Three members of the faculty of the MIT Institute for Work and Employment Research (IWER) have received seed grants from MIT to produce papers exploring some of the societal impacts of generative artificial intelligence. Nathan Wilmers, Thomas A. Kochan, and Emilio J. Castilla were among dozens of scholars from across MIT who received exploratory funding from the university to develop papers on the topic.
Scholars from across MIT had submitted proposals in response to a call issued in July by MIT President Sally Kornbluth and Provost Cynthia Barnhart for “impact papers” to “articulate effective roadmaps, policy recommendations, and calls for actions across the broad domain of generative AI.” The papers, due in December, will then be disseminated broadly via a publication platform hosted by MIT Press and the MIT Libraries.
Wilmers’ paper will discuss employer implementation of generative AI and the implications for inequality. Kochan and Castilla are part of a team that, with Julie Shah, Ben Armstrong, and Meghan Perdue, will examine the question of “Bringing Workers’ Voices in the Design and Use of Generative AI.”
Wilmers is the Sarofim Family Career Development Associate Professor and an associate professor of Work and Organization Studies at MIT Sloan, where he is a member of the core faculty of IWER. Kochan is the George Maverick Bunker Professor Emeritus at MIT Sloan and a member of the core faculty of IWER. Castilla, who is Co-director of IWER, is the NTU Professor of Management and a Professor of Work and Organization Studies at MIT Sloan.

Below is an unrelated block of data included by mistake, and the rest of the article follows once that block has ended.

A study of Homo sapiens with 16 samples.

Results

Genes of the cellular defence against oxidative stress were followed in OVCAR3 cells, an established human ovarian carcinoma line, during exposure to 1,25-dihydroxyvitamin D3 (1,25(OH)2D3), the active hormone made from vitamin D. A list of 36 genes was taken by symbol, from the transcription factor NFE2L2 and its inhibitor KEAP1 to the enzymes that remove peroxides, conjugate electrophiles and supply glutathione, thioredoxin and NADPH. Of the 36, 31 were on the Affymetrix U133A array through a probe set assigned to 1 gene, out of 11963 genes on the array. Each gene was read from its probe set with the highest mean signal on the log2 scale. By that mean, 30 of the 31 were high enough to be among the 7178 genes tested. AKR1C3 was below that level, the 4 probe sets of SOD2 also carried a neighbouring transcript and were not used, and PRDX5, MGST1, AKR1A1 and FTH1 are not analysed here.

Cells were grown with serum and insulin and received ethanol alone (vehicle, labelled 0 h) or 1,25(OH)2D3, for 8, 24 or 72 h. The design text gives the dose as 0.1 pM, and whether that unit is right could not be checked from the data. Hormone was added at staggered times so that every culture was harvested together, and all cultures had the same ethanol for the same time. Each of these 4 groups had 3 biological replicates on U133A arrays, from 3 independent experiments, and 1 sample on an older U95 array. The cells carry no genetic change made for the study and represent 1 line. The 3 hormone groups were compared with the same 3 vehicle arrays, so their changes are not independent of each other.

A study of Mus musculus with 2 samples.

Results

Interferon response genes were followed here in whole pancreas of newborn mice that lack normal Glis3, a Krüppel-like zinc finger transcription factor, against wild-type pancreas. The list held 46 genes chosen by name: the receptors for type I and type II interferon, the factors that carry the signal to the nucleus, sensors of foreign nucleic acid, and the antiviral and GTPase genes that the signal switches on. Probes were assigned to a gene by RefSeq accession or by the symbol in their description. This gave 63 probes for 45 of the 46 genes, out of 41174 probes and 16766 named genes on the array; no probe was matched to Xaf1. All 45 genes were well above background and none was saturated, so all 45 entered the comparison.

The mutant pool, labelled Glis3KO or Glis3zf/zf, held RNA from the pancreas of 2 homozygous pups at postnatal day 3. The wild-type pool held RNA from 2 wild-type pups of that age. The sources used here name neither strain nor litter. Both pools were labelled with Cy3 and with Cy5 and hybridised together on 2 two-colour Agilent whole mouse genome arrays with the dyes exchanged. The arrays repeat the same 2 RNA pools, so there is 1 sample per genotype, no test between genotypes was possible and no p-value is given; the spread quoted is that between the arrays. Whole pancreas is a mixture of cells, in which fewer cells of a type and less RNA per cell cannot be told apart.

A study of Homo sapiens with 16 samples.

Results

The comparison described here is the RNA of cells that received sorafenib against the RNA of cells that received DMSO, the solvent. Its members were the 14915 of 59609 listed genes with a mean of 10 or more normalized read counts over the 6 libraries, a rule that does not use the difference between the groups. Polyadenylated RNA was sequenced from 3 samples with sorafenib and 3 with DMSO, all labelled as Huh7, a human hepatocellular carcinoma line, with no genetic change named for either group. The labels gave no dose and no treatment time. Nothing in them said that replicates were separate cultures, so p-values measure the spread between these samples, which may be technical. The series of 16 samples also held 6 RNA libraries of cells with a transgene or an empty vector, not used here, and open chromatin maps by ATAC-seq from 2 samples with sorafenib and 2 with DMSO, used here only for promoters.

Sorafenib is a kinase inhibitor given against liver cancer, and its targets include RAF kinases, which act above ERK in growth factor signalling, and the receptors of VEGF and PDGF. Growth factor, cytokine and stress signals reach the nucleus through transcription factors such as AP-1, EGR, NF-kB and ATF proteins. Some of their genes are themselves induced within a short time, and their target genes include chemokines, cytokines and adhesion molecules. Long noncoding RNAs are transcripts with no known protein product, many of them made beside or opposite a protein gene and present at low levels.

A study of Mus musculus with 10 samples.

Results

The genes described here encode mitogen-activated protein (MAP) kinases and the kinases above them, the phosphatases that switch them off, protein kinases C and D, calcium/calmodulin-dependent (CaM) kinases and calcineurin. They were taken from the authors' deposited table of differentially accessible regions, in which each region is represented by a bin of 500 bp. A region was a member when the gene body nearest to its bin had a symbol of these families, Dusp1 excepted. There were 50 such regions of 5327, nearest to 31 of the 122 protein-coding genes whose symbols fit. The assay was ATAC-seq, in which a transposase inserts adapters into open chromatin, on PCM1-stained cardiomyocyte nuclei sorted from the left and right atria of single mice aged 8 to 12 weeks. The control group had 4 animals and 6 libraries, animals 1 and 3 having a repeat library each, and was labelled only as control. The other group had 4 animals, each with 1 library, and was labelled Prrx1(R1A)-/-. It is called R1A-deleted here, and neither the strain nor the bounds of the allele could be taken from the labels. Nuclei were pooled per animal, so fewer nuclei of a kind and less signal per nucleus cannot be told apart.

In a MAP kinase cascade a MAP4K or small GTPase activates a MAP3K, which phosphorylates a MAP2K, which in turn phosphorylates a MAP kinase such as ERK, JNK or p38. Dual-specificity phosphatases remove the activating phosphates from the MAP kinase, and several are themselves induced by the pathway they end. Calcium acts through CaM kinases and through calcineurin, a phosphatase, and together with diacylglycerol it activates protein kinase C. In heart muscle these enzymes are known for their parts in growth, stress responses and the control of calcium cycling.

Julie Shah is the H.N. Slater Professor of Aeronautics and Astronautics at MIT and leads the Interactive Robotics Group of the Computer Science and Artificial Intelligence Laboratory. Ben Armstrong is the Executive Director and a research scientist at MIT’s Industrial Performance Center, where he co-leads the Work of the Future initiative. Meghan Perdue is an MITx digital learning scientist.
To learn more about the grant program, read an article from MIT News about the call for papers and the 27 teams of MIT researchers awarded seed grants.